When are desirable traits not always so desirable. Early in June I did a gardening program for a local group of backyard gardeners explaining to them what we do here and why we are not a real business. This provides the opportune time to explain some very important concepts. June is always one of the worst for the impatient person. They scan through our listings of either sweet potatoes or poultry and pick out something that they think is perfect for them. I am all to familiar with todays world where we can find something on the internet and order it and it is at your door in a couple of days. I get it, through constant reinforcement of that we think everything in the world operates the same way, but unfortunately when dealing with living things it is not the case.

I'll start out by talking about sweet potatoes it is a very desirable trait for the consumer or the home gardener to have a variety that keeps and stores well. We have some varieties that I have had in the basement for almost 2 years and they are still usable. That's fantastic for the consumer because they don't have to worry about them going bad quickly if they are stored properly. Several varieties jump to mind when I think of this 8633, Wapsi Red, Arkansas Red and there are many others that for the consumer are great because they keep so long and in such great condition. However, let's put that into a biological perspective. In order for you to get slips the sweet potatoes need to break dormancy and sprout. So wow for the purchaser that's a great thing that they don't sprout but it is a problem when we try to get slips to send to that person. There's still that horrible misconception that all things are the same and everything should sprout at the same time and everything should be just in perfect harmony. Life simply doesn't work that way. While some will probably never understand these varieties that have the characteristics that they desire the most cause us the most problems because they don't break dormancy easily and we have to do all kinds of tricks and things to get them to sprout to get you the slips. These varieties probably aren't going to be ready at the beginning of the season when many of the other varieties are. This means you have to be patient and eventually they will sprout and usually they will grow to full maturity from the time that they sprout. There's nothing more that we can do that we haven't already tried to get them to break dormancy. Perhaps I could select only from the ones that sprout earliest and keep hoping over the years that that trait would be passed on but then let's look at the big picture then that also means that they're not going to keep as long and hold the true traits that they are so desired for.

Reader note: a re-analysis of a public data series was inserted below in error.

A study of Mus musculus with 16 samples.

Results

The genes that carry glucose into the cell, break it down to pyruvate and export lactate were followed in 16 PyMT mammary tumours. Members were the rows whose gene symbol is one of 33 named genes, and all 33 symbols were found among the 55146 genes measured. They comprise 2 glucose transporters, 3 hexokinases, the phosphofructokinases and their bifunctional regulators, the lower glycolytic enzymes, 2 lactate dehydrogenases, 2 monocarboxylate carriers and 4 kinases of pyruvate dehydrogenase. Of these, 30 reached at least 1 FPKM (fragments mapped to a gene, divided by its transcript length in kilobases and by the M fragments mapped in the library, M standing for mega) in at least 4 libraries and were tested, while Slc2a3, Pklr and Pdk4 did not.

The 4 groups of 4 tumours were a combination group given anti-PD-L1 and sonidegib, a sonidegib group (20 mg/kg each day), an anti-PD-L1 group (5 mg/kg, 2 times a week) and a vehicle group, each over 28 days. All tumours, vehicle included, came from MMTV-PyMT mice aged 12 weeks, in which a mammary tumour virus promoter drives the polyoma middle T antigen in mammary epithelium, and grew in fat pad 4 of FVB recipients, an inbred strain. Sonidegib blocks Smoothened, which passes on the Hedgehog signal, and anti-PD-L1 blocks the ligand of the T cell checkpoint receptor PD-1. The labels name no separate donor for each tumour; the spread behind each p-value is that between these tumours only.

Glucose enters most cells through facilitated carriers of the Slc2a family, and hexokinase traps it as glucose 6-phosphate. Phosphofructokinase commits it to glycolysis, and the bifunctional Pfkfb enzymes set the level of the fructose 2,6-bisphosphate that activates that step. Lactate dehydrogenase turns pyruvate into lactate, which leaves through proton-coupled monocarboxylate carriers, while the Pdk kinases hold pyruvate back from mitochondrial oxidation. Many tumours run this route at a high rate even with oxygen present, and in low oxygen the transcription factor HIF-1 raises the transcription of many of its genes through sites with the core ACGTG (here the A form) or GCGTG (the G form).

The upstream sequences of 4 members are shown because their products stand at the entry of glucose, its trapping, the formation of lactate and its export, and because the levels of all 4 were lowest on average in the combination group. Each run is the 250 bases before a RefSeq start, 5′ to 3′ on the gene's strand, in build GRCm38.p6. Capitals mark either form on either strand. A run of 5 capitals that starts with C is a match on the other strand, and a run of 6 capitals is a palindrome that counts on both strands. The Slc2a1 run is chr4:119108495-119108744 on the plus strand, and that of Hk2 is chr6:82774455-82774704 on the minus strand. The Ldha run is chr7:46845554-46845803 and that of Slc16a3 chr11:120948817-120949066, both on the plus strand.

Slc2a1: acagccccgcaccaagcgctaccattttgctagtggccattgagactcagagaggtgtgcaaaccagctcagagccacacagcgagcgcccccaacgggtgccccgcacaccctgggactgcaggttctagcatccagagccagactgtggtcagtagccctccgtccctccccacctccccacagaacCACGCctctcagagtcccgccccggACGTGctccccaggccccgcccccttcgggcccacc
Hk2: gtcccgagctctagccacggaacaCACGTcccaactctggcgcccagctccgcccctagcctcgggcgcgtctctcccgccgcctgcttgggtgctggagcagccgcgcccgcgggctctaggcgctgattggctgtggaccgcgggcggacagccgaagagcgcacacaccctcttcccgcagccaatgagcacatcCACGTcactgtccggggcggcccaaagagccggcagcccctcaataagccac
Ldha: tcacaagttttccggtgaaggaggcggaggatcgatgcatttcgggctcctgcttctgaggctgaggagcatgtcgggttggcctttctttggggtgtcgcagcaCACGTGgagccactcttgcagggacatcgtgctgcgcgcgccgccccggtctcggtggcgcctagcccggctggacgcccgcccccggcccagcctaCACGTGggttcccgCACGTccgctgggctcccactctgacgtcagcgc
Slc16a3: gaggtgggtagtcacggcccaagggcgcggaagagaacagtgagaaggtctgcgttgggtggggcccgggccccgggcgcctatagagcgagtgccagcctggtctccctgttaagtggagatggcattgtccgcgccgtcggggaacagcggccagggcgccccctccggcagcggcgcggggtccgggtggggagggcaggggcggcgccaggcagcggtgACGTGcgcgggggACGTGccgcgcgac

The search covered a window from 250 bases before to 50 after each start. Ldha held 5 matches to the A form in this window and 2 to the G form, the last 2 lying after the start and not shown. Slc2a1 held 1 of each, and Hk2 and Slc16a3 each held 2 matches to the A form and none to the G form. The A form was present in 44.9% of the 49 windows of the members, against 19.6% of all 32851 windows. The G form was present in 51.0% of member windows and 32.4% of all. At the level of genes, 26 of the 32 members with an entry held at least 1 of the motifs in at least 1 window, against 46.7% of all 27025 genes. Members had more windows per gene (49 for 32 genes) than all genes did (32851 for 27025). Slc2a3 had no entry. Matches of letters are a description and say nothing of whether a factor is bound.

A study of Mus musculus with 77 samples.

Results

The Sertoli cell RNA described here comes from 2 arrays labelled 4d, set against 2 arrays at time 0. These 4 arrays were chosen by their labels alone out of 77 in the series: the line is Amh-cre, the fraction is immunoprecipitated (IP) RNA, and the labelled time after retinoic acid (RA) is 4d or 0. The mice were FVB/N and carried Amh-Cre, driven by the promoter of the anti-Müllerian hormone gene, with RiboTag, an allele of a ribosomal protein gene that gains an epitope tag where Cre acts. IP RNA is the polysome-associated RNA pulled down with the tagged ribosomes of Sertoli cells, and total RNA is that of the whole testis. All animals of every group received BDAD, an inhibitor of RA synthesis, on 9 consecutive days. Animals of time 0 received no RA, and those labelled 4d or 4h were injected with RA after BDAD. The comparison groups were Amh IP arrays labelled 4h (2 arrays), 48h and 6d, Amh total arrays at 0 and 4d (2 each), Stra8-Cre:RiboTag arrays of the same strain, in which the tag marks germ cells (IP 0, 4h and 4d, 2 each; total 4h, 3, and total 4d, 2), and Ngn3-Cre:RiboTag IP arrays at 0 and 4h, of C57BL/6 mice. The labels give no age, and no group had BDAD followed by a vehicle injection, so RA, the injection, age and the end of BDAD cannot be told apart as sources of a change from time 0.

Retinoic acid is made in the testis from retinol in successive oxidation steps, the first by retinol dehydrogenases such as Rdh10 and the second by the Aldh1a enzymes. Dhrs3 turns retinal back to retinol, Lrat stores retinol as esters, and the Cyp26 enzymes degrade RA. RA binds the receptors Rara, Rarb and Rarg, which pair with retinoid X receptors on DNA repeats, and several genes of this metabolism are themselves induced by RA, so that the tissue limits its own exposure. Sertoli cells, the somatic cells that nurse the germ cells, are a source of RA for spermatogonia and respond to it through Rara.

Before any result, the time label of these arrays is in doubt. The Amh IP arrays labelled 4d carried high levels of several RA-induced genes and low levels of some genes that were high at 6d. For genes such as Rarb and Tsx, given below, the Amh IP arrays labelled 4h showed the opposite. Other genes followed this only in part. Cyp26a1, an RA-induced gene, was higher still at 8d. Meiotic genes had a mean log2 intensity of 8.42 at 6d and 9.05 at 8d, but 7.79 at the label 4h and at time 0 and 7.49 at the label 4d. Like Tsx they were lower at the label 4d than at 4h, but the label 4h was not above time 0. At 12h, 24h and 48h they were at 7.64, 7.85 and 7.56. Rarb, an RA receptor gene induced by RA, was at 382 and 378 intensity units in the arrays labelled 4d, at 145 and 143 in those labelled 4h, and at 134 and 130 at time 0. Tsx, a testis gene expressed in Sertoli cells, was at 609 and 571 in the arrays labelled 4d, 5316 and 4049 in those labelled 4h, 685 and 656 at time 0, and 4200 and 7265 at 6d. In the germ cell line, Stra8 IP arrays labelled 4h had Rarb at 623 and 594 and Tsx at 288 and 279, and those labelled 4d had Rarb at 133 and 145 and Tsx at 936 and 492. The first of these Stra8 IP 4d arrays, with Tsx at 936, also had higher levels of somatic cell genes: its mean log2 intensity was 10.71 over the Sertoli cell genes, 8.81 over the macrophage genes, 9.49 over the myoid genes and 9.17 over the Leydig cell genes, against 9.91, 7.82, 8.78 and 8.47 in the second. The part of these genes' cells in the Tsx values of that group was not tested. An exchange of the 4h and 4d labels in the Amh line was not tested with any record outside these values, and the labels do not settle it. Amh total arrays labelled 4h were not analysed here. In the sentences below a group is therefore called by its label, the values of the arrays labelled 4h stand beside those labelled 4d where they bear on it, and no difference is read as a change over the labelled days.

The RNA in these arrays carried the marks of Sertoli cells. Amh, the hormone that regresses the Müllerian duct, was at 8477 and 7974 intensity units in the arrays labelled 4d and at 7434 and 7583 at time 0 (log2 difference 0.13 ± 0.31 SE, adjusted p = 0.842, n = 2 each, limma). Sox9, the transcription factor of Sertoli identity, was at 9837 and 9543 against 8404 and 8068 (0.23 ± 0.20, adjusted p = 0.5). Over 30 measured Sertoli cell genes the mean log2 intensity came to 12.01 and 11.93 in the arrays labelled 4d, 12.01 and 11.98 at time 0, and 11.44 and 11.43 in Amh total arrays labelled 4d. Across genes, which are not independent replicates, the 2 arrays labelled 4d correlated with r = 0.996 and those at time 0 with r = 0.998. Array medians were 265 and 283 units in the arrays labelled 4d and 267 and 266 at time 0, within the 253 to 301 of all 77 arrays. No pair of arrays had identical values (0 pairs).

When it comes to chickens people search us out for breeds that go broody because the modern commercial hatcheries have bred that trait out of even the broody type of birds because you don't make money when a chicken's not laying eggs and wants to be a mom. We continue to keep those traits as part of a particular breed to make sure that that all of the traits are kept. So when it comes to breeds like Dorkings and Kraenkoppe’s and even some of the Orpingtons and there are many others that I could mention there are certain times of the year they want to be moms and you really can't stop that without altering them through genetically selecting away from that trait. You may want your chick's the first of June but yet you want a particular breed that goes broody so you can't have it both ways. We do what we can to break them up to keep them laying but at the same point in time we do not select away from those who are broody because that's part of that particular breeds genetic makeup that we prefer to keep intact. It would be so much easier for us if we did operate like a true business and got rid of these problem children so to speak and only kept the things that cooperated and made us the most money. That's not what we chose to do and it's why we will continue to operate the way we do with our focus being on genetic preservation and hopefully some education

The picture is of a Wheaten Dorking hen wanting to be a mom and not producing eggs for us to send you chicks.